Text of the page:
By Staff | Sep 19, 2019

In the wake of a judicial ruling that found the city of Cape Coral did not follow proper procedure when it annexed six parcels the municipality owns in Matlacha, City Council will meet Monday in a “shade session” to discuss its legal options.

The closed door session, allowable by state law for matters pertaining to litigation, will be held at 3 p.m. in Council Chambers.

As an Attorney-Client Session, the meeting will open in Council Chambers, and then move to Conference Room 220A to discuss litigation strategy regarding the Matlacha Civic Association’s annexation challenge, upheld by Circuit Court Judge Keith R. Kyle last Tuesday.

Governments can hold shade meetings if there is current litigation or an administrative proceeding that creates the potential of litigation. They are designed to discuss strategy or to reach settlements outside of public view. It is considered attorney-client exemption.

The challenge contesting the city of Cape Coral’s annexation of six city-owned lots on Matlacha was upheld by the Twentieth Judicial Circuit, meaning the ordinance for annexation has been kicked back to city council.

Kyle “quashed” the annexation ordinance passed by Cape City Council in 2016, ruling the ordinance “is not supported by sufficient competent, substantial evidence and because the Court cannot confirm whether the essential requirements of law were observed.”

“First, the passage of the ordinance is not supported by competent, substantial evidence,” the ruling states, in part. “It appears that the city representatives present at the December 12, 2016 hearing believed it to be “quasi-legislative,” and thus, City Council did not require the presentation of testimony or the swearing in of witnesses. However, the approval of an annexation cannot be only ‘quasi-legislative’ in nature, because annexation ordinances are subject to certiorari review. Certiorari review, by definition, requires the reviewing court to determine whether the ordinance was supported by competent, substantial evidence. Thus, the presentation of evidence at the hearing was indeed required. Because no witnesses were sworn under oath and no other exhibits or reports were properly submitted, no evidence was presented at the hearing. In such a situation, the Court is obligated to conclude that the ordinance is not supported by any competent, substantial evidence, grant certiorari, and remand the case back to City Council.”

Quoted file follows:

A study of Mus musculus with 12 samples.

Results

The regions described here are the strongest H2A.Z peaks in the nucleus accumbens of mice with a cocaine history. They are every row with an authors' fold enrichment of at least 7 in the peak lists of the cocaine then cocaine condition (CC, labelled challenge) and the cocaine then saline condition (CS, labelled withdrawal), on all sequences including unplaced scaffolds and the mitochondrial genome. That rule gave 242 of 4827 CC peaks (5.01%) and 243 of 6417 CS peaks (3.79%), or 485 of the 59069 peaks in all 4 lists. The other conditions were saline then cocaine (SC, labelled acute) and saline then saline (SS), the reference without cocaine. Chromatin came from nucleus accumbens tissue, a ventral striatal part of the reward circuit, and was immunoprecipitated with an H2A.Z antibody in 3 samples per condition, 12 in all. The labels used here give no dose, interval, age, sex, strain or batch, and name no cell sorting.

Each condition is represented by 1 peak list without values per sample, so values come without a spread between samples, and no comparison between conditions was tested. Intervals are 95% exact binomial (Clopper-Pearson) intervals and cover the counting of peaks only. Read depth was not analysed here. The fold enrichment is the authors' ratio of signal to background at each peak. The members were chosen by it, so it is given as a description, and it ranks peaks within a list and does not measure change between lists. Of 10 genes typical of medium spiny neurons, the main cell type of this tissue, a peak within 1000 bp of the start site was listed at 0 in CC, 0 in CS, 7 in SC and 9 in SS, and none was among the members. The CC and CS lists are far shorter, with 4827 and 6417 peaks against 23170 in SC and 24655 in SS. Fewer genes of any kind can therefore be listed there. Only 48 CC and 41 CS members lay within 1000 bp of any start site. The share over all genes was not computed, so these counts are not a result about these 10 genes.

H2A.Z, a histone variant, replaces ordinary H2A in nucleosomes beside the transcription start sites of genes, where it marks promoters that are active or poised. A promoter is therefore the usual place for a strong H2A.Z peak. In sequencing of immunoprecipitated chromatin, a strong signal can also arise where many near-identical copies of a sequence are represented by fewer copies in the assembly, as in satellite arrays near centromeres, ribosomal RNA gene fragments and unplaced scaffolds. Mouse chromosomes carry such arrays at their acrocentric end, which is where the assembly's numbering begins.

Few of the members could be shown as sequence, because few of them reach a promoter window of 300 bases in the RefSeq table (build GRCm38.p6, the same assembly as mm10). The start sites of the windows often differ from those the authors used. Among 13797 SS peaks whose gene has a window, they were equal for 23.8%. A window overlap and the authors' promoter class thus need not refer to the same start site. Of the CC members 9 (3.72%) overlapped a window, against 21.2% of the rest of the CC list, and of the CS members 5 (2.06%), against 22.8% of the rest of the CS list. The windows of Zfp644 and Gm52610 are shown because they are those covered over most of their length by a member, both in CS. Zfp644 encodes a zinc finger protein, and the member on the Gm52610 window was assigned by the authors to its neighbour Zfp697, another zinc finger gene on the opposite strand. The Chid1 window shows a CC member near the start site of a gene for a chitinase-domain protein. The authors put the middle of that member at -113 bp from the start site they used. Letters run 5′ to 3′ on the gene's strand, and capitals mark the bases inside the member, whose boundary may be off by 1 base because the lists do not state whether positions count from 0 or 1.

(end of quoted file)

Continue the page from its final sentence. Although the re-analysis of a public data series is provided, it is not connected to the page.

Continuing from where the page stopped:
The Cape Coral City Council had voted in December 2016 to “voluntarily annex” parcels into the city. The properties, on the eastern edge of Matlacha in unincorporated Lee County, had been purchased in 2012 as part of a then-controversial $13 million land buy of foreclosed properties that included multiple parcels, including the Seven Islands site in the north Cape.

Shortly thereafter, the city showed plans for the Matlacha properties that included new boat ramps and a two-story building and restaurant.

“We had some very nice designs that came forward and I believe that’s what we still want to do. You want to make the safety of the boat ramp better. We had it so boats wouldn’t launch into the navigational waterways,” Cape Coral Mayor Joe Coviello said this week.

The Matlacha Civic Association, though, sued Cape Coral, requesting a review of the annexation alleging the city had not “met the requirements of the annexation statute…” and “the property to be annexed creates an illegal pocket or enclave in violation of the statute.”

Civic prevailed in that request for a writ of certiorari, or judicial review, forcing the annexation ordinance back, again, to Council.

Coviello could not comment about Monday’s shade meeting, but wanted it made clear that the city owns the land.

“We’re going to decide our next steps on what we’re going to do,” Coviello said. “We need to do what the judge is telling us to do. Think about it. We own it and it’s under the county’s jurisdiction. What would you do?”

Depending on the consensus reached in Monday’s shade meeting, the matter may come back to Council at public meeting if formal action is required.